Here's what you need to know.
When GDPR came into effect, it brought with it the Data Protection Fee, which most organisations have to pay. Failure to cough up the cash, it said, would result in a monetary penalty of several thousand pounds. This week, Data Protection Fee fines became a reality.
Over the past few months, the Information Commissioner's Office (ICO) has sent out more than 900 letters to companies that haven’t paid the money they owe (which can range from £40 to £2,900, depending on the size of their workforce and their annual turnover), demanding the cash. On 28th November 2018, the ICO announced that it had fined a hundred of these businesses for non-compliance. More would follow, it said in its announcement.
Like the fee itself, the Data Protection Fee fines vary according to the size and turnover of the offender, starting from £400 and going right up to £4,000. A further £350 may also be added if there are aggravating factors.
Why Do Data Protection Fee Fines Exist?
The ICO is completely open about the reasons for the fines:
“The money collected from the data protection fee funds the ICO’s work to uphold information rights such as investigations into data breaches and complaints, our popular advice line, and guidance and resources for organisations to help them understand and comply with their data protection obligations. The ICO has grown over the last two years to meet its wider data protection remit and responsibilities following GDPR. It now employs 670 staff.”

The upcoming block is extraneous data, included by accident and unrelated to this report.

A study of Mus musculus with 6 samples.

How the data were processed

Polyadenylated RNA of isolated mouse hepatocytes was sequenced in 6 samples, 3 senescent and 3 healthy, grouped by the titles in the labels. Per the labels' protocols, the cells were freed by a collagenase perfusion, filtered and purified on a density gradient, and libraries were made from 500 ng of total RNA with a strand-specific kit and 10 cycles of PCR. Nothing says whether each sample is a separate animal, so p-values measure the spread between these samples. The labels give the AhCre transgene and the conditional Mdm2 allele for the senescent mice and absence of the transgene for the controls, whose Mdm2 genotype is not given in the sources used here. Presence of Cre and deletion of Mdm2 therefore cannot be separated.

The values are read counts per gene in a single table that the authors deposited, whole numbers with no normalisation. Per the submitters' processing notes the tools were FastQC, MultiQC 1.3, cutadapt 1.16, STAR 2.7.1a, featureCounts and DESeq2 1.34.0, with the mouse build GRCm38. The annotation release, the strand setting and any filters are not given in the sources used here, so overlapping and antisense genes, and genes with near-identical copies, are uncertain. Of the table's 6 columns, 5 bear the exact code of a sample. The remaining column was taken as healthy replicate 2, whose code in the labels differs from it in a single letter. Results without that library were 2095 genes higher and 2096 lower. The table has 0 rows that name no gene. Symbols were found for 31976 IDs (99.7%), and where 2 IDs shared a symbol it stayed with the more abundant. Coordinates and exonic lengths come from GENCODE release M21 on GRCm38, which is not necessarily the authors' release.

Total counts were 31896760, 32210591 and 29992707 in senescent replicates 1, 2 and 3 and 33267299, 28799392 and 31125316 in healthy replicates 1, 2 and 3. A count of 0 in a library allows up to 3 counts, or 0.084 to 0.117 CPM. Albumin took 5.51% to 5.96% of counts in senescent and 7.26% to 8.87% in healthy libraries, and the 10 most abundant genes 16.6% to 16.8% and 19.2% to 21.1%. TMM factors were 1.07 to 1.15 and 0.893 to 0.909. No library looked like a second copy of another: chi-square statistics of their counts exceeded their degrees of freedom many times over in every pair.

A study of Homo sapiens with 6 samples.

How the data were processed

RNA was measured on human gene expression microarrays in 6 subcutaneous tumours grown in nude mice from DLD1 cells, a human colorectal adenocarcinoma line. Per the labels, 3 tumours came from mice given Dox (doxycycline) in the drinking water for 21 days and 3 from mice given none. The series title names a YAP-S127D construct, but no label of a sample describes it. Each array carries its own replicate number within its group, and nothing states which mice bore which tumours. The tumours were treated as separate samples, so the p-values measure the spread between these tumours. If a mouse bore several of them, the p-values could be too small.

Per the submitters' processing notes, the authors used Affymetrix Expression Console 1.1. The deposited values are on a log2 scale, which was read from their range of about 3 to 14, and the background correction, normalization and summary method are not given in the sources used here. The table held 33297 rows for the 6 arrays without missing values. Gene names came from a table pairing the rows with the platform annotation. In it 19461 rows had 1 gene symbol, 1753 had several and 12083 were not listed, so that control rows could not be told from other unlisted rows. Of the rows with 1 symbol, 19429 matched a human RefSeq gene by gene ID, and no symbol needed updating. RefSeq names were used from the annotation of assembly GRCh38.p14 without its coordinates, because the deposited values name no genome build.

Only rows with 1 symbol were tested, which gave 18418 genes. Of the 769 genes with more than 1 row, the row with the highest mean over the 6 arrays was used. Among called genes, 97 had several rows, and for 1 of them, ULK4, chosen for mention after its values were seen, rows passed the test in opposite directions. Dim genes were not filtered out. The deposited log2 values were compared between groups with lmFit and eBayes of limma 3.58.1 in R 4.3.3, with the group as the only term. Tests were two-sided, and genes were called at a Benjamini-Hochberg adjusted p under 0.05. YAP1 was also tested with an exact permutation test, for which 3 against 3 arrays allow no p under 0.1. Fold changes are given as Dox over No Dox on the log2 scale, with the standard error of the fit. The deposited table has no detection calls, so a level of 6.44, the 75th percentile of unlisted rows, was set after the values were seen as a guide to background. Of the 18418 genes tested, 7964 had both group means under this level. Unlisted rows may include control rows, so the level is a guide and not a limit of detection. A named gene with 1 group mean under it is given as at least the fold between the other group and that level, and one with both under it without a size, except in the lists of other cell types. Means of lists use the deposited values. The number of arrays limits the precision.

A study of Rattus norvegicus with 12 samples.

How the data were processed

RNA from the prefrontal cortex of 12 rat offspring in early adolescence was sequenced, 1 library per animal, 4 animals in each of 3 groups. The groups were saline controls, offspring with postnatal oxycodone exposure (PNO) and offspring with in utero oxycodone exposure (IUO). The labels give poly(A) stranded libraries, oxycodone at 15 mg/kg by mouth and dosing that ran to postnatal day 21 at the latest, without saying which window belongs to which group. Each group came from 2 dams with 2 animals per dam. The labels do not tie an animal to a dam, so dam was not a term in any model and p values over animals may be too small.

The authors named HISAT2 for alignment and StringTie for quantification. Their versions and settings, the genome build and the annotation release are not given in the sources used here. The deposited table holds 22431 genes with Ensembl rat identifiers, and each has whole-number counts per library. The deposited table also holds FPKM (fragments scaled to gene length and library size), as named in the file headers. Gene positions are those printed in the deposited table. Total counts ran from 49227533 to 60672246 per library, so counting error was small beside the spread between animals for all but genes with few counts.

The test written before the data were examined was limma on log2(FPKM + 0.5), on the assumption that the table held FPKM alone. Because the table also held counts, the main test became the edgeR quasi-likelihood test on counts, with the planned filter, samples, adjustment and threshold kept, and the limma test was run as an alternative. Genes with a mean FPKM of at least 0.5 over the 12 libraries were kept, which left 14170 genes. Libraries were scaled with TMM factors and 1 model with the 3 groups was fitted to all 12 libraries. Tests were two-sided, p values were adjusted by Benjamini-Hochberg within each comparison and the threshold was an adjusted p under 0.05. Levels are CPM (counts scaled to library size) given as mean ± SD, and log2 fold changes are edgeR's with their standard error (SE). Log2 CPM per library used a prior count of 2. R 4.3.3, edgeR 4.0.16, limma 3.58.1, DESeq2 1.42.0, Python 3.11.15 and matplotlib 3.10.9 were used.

Without money from the Data Protection Fee, the ICO would not be able to enforce GDPR effectively, and with so many extra staff to pay for, it’s understandably irked by businesses that don’t pay their way.
Should You Pay The Fee?
If you don’t want to pay a Data Protection Fee fine, then you should pay the Data Protection Fee, if you’re required to. The real question, then, is whether you meet the criteria or whether you’re exempt.
As our previous blog post on this subject explained, most organisations that process personal data should be paying the fee, so if you’re in any doubt about what you should be paying, contact the ICO helpline on 0303 123 1113.